Community & Business

12 March, 2022

Atherton poet wins prestigious competition

ATHERTON resident and award-winning poet Irene Timpone has won the prestigious Blackened Billy Verse Competition with her personal, heartfelt submission of “Elegy”.

Atherton poet wins prestigious competition - feature photo

The Blackened Billy Verse Competition is an annual event organised by the Tamworth Poetry reading group and has featured high-quality, awardwinning poems over its 30- year lifespan. 

Irene’s submission into the competition, “Elegy”, is described as a timeless tale of war and its aftermath and is yet another winning example of Irene’s ability to take Australian bush poetry into the 21st century. 

It is a deeply personal poem for Irene as three of her nephews had previously been deployed overseas in Iraq and Afghanistan in the Australian armed forces. 

Irene credits her mother and grade six teacher, Amy Smith, for her love of bush poetry as her mother regularly read her Banjo Paterson’s Bush Ballard “Lost” and her teacher refined her technical writing ability and nurtured her love for bush poetry. 

“The best way to share the history of Australia is to contribute the truth of our past to the literature of our times,” Irene said.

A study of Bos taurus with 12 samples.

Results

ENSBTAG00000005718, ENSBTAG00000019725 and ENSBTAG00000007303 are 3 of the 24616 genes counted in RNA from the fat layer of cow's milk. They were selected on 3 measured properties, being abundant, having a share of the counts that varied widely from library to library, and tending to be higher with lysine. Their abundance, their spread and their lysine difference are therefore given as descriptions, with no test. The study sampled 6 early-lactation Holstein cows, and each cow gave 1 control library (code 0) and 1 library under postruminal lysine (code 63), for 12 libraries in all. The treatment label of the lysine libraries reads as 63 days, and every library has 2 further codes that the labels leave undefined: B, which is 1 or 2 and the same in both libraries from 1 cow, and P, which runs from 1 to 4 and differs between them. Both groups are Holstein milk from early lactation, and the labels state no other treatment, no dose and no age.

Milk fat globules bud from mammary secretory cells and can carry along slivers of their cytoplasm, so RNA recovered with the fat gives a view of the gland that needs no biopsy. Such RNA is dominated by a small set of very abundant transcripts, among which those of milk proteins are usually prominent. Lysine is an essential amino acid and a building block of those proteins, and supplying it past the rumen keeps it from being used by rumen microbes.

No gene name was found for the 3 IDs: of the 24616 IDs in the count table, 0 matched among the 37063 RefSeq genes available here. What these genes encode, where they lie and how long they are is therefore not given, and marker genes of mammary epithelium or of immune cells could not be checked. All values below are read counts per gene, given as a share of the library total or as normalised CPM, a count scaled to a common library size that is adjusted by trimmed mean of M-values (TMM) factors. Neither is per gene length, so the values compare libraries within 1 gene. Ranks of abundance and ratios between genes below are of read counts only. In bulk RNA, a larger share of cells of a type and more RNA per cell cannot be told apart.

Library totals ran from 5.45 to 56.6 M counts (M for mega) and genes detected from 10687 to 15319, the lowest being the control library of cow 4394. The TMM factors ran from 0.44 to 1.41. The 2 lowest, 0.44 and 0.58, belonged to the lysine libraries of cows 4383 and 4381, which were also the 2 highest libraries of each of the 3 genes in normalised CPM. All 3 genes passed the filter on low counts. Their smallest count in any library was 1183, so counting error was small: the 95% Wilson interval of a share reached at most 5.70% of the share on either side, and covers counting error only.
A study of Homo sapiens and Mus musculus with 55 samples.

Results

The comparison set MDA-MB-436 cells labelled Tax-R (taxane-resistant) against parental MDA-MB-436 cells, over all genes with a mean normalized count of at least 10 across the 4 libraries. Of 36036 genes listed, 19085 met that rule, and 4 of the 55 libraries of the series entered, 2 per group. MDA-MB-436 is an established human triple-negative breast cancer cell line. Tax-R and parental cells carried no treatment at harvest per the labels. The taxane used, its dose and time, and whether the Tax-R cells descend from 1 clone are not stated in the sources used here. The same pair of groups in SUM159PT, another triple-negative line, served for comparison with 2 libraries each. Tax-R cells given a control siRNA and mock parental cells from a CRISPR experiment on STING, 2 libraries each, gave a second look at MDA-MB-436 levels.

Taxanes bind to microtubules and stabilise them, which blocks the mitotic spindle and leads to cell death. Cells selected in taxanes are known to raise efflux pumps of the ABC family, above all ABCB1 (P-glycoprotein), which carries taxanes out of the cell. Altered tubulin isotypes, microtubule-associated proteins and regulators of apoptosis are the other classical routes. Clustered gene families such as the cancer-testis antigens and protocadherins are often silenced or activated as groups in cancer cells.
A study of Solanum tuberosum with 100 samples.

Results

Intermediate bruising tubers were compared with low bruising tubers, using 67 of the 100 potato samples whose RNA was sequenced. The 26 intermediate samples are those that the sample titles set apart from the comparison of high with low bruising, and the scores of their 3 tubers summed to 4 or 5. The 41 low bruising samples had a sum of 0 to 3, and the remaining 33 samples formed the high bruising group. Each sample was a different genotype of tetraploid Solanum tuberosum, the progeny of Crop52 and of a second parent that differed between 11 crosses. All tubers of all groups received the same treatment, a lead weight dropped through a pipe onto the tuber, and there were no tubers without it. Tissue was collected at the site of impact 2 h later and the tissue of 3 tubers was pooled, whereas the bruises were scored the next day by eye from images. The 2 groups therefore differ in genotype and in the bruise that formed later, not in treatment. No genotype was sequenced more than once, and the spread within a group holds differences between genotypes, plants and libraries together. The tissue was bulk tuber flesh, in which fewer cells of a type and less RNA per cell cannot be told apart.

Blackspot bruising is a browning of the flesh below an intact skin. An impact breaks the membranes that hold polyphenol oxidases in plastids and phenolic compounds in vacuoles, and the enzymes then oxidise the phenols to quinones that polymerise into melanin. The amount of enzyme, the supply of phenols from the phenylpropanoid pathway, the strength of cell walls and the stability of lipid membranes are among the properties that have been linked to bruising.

“The Blackened Billy Competition, with its high standards and excellent organisation, offers Australian poets an excellent opportunity to maintain Australian culture and history while, at the same time, enjoying their love of creative writing. 

“It was a very tough competition to win.” 

Once she receives her Blackened Billy trophy, Irene can place it alongside her other accolades and awards she has received over the years. 

Irene has taken out many highly competitive awards including the Henry Lawson (Gulgong) Awards, the Betty Olle, the Bronze Spur, Oracles of the Bush and the Dusty Swag. 

Irene’s World War I epic poem, “Remembering Bill the Bastard”, took out the international Ipswich Poetry Feast Award in 2020. 

She also wrote the poem, “Mount Mulligan, Remembered” to commemorate the centenary in September 2021 of the Mount Mulligan Mine disaster.